I went to my first "tea party" last week. I've never been that lonely in a crowd before. Seeing only one other African-American among 100 or so people in the Wheatfield Community Center, I have to admit I felt like . . . well . . . like a black guy at a tea party.
The turnout left me wondering why the movement seems to attract so few African-Americans. Once you get past one obvious answer -- TV footage of crazies and disputed reports of black congressmen dodging spittle -- there's still an undeniable fact: Blacks complain about government, taxes and lousy services just like everybody else.
But even if everyone loves a party, blacks are skipping this one. A Quinnipiac University poll had 7 percent of both blacks and Hispanics saying they are tea partiers. Yet you'd strain your eyes trying to find them at last week's Niagara Patriots meeting or among the 250 at a Buffalo rally last weekend.
Local organizer Rus Thompson says the turnouts were not entirely reflective. He says there are two or three blacks among the 15 or so at leadership meetings, and some events draw more.
"I do want to see more," Thompson said, ticking off issues like lousy urban schools and the state's cap on charter schools, which directly impact blacks and Hispanics. He blames political opponents for media coverage that paints tea partiers as racists.
But if the movement is serious about attracting blacks, it's also going to have to check its own rhetoric.
While the tenor of the Wheatfield meeting was civil -- or as civil as you can be while talking about punching House Speaker Nancy Pelosi in the mouth -- some of the buzz words have unmistakable undertones. When gubernatorial wannabe/loose cannon Carl Paladino rails against poor people flocking to New York to "get a check," it's a throwback to Ronald Reagan's welfare queen.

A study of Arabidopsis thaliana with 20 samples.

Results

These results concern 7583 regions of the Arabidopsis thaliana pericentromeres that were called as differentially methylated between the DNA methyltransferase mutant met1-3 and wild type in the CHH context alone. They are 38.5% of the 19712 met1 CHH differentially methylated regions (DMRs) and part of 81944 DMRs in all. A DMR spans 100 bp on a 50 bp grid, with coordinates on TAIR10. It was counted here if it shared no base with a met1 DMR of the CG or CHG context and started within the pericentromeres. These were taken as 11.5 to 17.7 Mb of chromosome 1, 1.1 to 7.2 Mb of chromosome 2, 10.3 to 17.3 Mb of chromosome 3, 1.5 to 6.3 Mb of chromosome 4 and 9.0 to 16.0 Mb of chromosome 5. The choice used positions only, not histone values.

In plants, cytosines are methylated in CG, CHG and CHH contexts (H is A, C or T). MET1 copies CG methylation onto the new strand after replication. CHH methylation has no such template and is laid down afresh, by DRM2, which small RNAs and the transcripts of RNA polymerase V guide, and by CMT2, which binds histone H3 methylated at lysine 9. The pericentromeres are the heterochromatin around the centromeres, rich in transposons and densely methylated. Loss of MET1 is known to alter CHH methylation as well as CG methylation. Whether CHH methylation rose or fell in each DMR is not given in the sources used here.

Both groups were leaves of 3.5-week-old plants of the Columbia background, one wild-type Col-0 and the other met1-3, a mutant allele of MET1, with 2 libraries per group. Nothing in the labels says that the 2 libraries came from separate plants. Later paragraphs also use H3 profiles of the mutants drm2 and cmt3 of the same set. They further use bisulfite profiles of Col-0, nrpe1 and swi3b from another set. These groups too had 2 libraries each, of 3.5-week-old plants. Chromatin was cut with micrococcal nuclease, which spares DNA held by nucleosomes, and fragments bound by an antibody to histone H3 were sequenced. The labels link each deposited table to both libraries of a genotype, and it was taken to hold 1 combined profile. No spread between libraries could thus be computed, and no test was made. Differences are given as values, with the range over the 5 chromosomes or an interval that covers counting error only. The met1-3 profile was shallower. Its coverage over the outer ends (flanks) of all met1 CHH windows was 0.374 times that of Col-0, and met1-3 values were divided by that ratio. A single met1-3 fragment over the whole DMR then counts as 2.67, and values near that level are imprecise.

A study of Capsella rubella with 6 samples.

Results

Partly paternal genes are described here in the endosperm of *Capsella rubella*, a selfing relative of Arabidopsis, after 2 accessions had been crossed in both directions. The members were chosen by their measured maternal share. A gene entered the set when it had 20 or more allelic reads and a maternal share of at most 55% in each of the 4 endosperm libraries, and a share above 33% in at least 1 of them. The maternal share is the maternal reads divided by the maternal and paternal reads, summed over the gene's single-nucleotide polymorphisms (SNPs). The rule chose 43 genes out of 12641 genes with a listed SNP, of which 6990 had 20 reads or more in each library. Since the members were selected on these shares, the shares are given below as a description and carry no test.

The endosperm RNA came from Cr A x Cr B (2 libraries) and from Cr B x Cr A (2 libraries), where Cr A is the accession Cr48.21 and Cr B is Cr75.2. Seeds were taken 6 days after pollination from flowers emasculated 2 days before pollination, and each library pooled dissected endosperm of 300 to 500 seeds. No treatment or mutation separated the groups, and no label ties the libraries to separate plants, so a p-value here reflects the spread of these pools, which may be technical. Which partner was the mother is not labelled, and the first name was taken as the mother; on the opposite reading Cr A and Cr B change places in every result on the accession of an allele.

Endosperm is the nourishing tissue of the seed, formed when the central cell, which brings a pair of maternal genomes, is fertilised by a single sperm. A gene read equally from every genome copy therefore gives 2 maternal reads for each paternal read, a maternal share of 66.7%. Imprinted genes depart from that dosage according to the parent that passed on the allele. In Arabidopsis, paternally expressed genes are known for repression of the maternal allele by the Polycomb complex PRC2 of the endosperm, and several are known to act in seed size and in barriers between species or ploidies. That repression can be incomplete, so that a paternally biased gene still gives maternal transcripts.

New York's overly generous Medicaid program is a legitimate issue. But Paladino's verbiage is hardly the way to invite blacks into the movement, even if it will reduce their taxes.
But rhetoric aside, maybe this is a circle that can't be squared.
Samuel L. Radford III, co-chairman of the Buffalo Local Action Committee, turns to etymology to explain the tea party movement's racial homogeneity and why it's not likely to change: Conservatives, by definition, want to conserve what they have.
"As the door opens for more people to take part in the American dream . . . that means less for them, or that it's going to cost them more," he said.
As Democrats enact reforms like health care and a jobs bill, it gives more of the dispossessed -- particularly minorities -- a vested interest in political participation. That will "change everything," Radford said, to the consternation of those who like things the way they used to be.
There's also one other factor: For many blacks, government may be evil; but compared with the rest of society, it's the lesser of two evils. It's easy to see an attack on government as an attack on the equality that government had to mandate and often still must enforce.
So where does that leave the tea partiers?
Putting aside the lunatic fringes and taking them at their word that they want to return power to the people, they need to define which people.
Thompson says he's already arranging meetings with black groups in Buffalo and Niagara Falls. He sees fertile common ground in taxes, education and other such issues. Still, there are skeptics.
"Center-right movements have traditionally turned out badly for African-Americans. You can't deny history," Radford said.
Which leaves tea partiers with a choice: They can actively reach out and rewrite history, as Thompson seems to want to do, or they can repeat it.